Thanks to Chris on
The Melon Farmers' Forum
Have people read the new Scottish Law Commission Discussion Paper on Rape & Other Sexual Offences?
It’s refreshingly sensible and free from legislation based on sexual prudery. It addresses things like consent and BDSM from the point of view of sexual autonomy being the most important thing and even for things like bestiality it
defines only as an offence if it causes harm to the animal. It’s quite different in tone than the government's consultation paper on extreme pornography (though this one doesn't actually cover porn).
It is to be found at Discussion Paper No 131 Rape and other Sexual Offences [PDF]. Comments are requested by 1 May 2006
Letter to consultees
Relevant News Release
The press release is as follows:
CONSULTATION BEGINS ON SEXUAL OFFENCE REFORMS
Sexual offences such as rape are on the path to reform as public views are sought on proposals issued for consultation today. The Scottish Law Commission publishes its Discussion Paper on Rape and Other Sexual Offences, marking an
important stage in the first ever systematic review of Scots law on sexual offences.
The Commission was asked by the Scottish Ministers to examine the law on rape and other sexual offences and the evidential requirements for proving these offences. This request followed two widely-reported High Court cases in 2004,
together with concern among the general public, and professionals working in this field, that the law was in confusion.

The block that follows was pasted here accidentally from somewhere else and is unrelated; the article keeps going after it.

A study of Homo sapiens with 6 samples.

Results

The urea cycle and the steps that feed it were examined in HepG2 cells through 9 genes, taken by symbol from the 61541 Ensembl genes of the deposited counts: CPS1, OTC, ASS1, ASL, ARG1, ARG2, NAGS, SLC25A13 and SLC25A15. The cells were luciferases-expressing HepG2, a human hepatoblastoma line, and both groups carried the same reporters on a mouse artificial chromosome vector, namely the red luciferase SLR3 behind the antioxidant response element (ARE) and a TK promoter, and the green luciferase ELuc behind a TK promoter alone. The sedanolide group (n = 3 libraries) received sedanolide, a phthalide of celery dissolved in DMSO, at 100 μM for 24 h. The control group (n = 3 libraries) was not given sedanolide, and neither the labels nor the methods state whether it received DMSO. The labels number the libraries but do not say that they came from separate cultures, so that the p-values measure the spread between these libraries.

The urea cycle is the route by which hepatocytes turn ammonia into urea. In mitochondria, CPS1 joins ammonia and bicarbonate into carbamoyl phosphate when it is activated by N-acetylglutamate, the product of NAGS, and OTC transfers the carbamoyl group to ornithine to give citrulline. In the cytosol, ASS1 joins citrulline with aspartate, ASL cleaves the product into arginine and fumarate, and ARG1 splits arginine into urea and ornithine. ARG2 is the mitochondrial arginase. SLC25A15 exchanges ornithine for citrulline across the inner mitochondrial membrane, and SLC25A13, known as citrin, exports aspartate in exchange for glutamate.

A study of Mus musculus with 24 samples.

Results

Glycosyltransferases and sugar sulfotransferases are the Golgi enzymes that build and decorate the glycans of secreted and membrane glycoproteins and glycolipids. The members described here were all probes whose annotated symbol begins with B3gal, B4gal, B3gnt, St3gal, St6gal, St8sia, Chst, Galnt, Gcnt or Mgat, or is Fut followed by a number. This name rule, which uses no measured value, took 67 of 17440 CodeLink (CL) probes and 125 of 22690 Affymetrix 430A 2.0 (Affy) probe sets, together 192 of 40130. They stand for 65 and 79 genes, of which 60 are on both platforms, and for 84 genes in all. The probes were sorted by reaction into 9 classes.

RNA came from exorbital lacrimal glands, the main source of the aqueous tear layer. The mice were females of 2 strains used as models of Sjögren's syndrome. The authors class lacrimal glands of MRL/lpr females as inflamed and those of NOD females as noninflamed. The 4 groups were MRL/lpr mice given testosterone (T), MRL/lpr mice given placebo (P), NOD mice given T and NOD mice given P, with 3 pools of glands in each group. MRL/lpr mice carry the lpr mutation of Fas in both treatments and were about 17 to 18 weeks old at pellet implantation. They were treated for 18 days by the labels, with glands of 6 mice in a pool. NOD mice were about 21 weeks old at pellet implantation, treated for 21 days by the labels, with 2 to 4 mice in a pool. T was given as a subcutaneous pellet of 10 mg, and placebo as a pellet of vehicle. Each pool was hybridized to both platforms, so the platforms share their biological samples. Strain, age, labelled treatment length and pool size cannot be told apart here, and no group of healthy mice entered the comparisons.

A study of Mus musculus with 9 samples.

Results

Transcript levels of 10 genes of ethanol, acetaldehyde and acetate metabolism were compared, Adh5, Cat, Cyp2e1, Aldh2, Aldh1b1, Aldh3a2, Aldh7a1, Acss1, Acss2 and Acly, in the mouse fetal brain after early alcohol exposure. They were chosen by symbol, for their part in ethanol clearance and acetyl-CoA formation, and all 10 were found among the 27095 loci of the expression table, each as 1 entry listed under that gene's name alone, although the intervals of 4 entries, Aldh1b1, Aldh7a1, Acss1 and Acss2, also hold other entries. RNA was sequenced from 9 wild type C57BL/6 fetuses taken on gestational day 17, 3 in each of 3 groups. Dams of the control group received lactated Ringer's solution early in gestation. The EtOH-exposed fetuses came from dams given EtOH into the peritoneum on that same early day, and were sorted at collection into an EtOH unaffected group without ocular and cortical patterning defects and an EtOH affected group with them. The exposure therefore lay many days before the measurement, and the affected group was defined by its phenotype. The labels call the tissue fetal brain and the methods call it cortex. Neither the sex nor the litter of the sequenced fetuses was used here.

Launching the consultation period today, Professor Gerry Maher QC, the lead Commissioner on the project, stressed the need for clarity: The law on rape and other sexual offences must be clear. People must be able to know what types
of sexual conduct the law prohibits and what types are legal.
Professor Maher also emphasised that the paper is not aimed only at lawyers: This paper is not concerned with a technical area of the law. Rather it deals with issues which are of concern to the public at
large. Our Discussion Paper, which can be accessed on our website, is part of our public consultation on reforming the law on rape and other sexual offences. We hope that anyone with views on the issues covered in the paper will send us their
Following consultation, the Commission aims to publish a final Report, including draft legislation, next year. The key issues covered in the Discussion Paper are redefining rape to cover male and female victims, as well as a wider
range of sexual acts; enhancing the protection of the vulnerable, including young people, from exploitative sexual activity; and defining in statute the meaning of consent to sex. The paper emphasises the need for the law to apply equally to men and
women, and it asks whether the requirement for corroboration for proof of sexual offences should be retained or removed, and, if it were removed, for which offences.